On the evening of the seventh day of the seventh month on the Chinese lunar calendar, don't forget to look carefully at the summer sky. You'll find the Cowherd (a bright star in the constellation Aquila, west of the Milky Way) and the Weaving Maid (the star Vega, east of the Milky Way) appear closer together than at any other time of the year. Chinese believe the stars are lovers who are permitted to meet by the queen of Heaven once a year. That day falls on the double seventh (Qixi in Chinese), which is China's own Valentine's Day.
Most Chinese remember being told a romantic tragedy when they were children on the double seventh. In the legend, the cowherd and the Weaving Maid will meet on a bridge of magpies across the Milky Way once a year. Chinese grannies will remind children that they would not be able to see any magpies on that evening because all the magpies have left to form a bridge in the heavens with their wings.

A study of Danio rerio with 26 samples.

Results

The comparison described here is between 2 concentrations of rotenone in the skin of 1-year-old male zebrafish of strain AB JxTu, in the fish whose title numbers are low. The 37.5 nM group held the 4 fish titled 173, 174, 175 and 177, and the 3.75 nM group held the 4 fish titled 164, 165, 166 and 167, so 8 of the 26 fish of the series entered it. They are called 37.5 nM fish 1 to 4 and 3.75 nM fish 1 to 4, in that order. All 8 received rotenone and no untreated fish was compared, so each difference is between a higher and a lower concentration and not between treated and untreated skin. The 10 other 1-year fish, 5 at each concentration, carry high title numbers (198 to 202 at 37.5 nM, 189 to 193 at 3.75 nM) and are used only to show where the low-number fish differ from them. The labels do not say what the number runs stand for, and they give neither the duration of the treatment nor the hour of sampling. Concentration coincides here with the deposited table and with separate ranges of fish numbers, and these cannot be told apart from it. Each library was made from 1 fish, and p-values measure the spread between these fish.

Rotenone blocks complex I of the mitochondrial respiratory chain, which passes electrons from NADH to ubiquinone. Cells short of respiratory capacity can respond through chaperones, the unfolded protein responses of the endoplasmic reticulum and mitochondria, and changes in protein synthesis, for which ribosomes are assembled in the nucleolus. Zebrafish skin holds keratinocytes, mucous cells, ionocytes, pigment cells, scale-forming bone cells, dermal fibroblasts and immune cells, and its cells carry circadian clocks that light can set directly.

To Love and to Wait -- A Romantic Legend
The legend holds that an orphaned cowherd was mistreated by his elder brother and sister-in-law, who eventually gave him an old ox and chased him out. The cowherd worked hard, and after only a couple of years he owned a small farm and house. He was lonely, however, with only the company of that faithful old ox.
One day the ox suddenly opened its mouth and talked, telling the cowherd that the heavenly Weaving Maid and her sisters were going to bathe in the Silver River. The Weaving Maid was said to be the youngest of the seven daughters of the Queen of Heaven. With her sisters, she worked hard to weave beautiful clouds in the sky.
The ox told the cowherd that he should go there to rob the Weaving Maid of her clothes while she was in the water. In exchange for the return of her clothes, she would become his wife. Surprised, the cowherd willingly followed the ox's instructions and hid himself in the reeds at the riverbank, waiting for the girls to bathe.